A Look at Food Allergies: It's More Common Than You Think (Part 2/4)
The Most Common Causes and the Wide Range of Symptoms
Anaphylaxis may occur in about 13% of suspected food allergies. There are moderate food allergy cases where people know what causes problem, but the symptoms remain stable with each exposure. The symptoms are not life-threatening, like hives. Most cases are mild, and some people may not even know it's due to a food allergy.
In my practice, there was a family that had a strong history of asthma, allergies, and eczema (the allergic triad). I had fixed the father's asthma when he brought in his kids to see me. The kids knew they were allergic to milk and eggs from testing at the Allergist's office. They were being tested to confirm pollen and pet allergies. But they didn't realize that their dry, itchy skin rash (eczema) was related to the food. They had been using strong skin steroid creams from a Dermatologist. But that's not good for their skin or in general for the long term. So I told them that the eczema might be caused by the food allergy. They stopped eating those foods, and their eczema improved dramatically. (This is one reason why I love family medicine — I get to treat the entire patient, not just a small portion of their problems. And often I can do it more naturally.)
My own son had a couple of patches of eczema on his hand and arm that were hard to control with ointments and hydrocortisone. I thought it was just due to a dry winter, but then it continued through the spring, and it was starting to get worse. When I traveled overseas for 2 weeks and stopped cooking him eggs for breakfast, the eczema improved significantly. I thought eggs were a pretty good breakfast food until we figured out that they were causing his skin rash.
In these cases, there was a skin symptom from the food allergy, but it was mild enough that it was just not obvious.
Ever since college, I've been allergic to soy. Prior to that, I ate some type of soy product more than once a week. But one day, I became sensitize to it, and started to feel like my tongue and lips felt funny when I drank soy milk. After about a week of not feeling well every time I had soy, I stopped. I've tried tofu 3-4 times since then, and each time, I would get hives (large patches of raised, red, very itchy skin) for the next 24 hours, which improves by taking Claritin (an antihistamine that's weaker than Benedryl, but non-drowsy). I'm fine with soy sauce, probably because there's very little soy protein in soy sauce.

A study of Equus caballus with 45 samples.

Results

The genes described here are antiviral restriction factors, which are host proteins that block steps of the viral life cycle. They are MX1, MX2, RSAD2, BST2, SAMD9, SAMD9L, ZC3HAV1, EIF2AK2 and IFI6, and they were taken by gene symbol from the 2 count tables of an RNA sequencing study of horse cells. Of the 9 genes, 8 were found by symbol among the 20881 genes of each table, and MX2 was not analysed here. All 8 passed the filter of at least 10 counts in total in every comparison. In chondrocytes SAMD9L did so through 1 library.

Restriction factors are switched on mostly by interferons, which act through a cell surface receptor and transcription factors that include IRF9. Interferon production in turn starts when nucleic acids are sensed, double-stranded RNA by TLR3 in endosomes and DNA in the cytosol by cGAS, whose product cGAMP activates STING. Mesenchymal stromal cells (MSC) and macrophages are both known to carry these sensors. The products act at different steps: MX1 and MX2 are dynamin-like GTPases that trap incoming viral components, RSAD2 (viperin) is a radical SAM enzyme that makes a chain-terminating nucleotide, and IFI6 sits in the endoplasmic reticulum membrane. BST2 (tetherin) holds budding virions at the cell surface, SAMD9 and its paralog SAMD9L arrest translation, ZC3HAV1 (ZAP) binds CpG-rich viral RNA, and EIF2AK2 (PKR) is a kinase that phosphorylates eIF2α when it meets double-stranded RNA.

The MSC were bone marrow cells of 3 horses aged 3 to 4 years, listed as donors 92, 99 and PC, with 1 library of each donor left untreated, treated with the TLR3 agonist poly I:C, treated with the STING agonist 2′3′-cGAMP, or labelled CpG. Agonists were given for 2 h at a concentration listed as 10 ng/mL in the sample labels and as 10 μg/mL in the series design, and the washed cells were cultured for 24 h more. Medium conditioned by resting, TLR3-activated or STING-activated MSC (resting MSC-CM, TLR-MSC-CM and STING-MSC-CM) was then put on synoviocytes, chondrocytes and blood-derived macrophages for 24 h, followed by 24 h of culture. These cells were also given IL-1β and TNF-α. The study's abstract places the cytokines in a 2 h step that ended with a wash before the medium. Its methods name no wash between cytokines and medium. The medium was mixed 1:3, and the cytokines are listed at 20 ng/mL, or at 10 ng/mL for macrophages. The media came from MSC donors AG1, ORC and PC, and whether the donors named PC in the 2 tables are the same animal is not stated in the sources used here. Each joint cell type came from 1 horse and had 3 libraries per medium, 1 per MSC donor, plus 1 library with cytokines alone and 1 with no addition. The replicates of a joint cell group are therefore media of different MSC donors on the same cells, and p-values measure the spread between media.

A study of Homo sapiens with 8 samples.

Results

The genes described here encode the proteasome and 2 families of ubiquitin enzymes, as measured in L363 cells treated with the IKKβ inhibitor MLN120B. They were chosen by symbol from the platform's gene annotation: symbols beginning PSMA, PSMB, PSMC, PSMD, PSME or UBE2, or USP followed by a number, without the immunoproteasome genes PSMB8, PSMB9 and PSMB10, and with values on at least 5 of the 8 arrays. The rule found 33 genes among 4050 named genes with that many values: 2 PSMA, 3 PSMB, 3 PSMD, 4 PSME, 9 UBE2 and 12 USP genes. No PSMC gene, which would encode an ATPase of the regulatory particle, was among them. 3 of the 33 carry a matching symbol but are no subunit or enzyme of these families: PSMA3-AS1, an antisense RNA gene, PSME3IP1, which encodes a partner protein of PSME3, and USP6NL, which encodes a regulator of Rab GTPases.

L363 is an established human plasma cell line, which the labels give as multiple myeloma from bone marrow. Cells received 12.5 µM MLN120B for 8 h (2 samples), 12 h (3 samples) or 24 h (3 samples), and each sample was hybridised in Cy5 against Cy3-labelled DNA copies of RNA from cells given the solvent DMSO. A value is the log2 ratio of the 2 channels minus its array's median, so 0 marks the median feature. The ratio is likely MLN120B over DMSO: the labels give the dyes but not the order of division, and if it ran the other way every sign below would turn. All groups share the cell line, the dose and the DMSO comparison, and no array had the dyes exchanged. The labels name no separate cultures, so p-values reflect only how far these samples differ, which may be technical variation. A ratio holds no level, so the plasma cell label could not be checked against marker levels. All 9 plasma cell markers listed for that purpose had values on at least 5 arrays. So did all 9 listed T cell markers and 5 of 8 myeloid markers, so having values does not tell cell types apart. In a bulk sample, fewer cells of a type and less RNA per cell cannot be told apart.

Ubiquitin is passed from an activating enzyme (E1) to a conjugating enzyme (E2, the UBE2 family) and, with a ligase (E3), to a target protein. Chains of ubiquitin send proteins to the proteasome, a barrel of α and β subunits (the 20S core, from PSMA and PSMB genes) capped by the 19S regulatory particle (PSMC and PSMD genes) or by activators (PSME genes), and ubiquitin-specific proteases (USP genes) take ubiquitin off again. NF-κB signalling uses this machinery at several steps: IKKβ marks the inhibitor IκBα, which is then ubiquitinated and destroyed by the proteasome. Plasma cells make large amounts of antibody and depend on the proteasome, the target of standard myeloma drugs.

I consider that a moderate reaction. I supposed if I ate a whole plateful of tofu, my symptoms would be much worse.
I have a friend who recently developed allergies to soy, wheat, and sesame. He's vegetarian too, so they are being extra creative in meal planning. He gets pretty bad hives that last a few days when he eats those things. But he had lived with the hives for months before he went to the allergist and figured out what was going on. Thankfully, he never developed anaphylaxis during that time. Hives definitely indicate a stronger and more immediate reaction. If the symptoms are stable, then that's good. But if the symptoms worsen quickly over time, then you must be much more careful.
My health clinic provides routine allergy shots for people who have allergies. While the goal of the shots is to prevent anaphylaxis, they have a chance of actually causing anaphylaxis. Therefore, we enforce the 20-minute waiting rule after they receive their shot. Every now and then, we'll have someone who doesn't feel well after the shot. Most of the time, it's nothing. But we have had to give Epinephrine a few times out of precaution and transported the patients to the hospital for extended observation.
Anaphylaxis doesn't happen often with food allergies, and to die from it is very rare. But some people are extremely allergic, and for them, it's usually known because they've had serious and worsening reactions before. Deadly allergic reactions don't just come out of nowhere. EpiPens cost about $300 at retail price, expire in a year, and can't be kept in a hot car. Natalie Giorgi's parents had 2 EpiPens with them, so they must have been aware of her severe allergies. It's because of those cases that some airlines stopped serving peanuts, and schools are being extra cautious with tracking these allergies. It's imperative that precautions are observed with the highly allergic kids, which almost always involves peanut and tree nut allergies.
Angioedema is another allergic reaction that refers to swelling of the throat, tongue, lips, and eyes. Most of the symptoms seem to be in the head and neck. It can be just as deadly because enough swelling of the throat can cause it to close off the airway completely. I hear about it with shellfish allergies the most.
- Milk: 6.5% children, 1.5% adults
- Eggs: 1% children, 1% adults
- Seafood: 0.6% children, 2.8% adults
- Peanuts: 0.6% all ages
- Tree nuts: 0.4% all ages
The good thing about childhood food allergies is that many of them can be outgrown. For example, 85% of children with a cow milk allergy and 70% of children with an egg allergy will outgrow it by the time they are teens. Only 20% of tree nut allergies can be outgrown, and even less for peanut allergies. Unfortunately, food allergies developed as adults usually do not go away.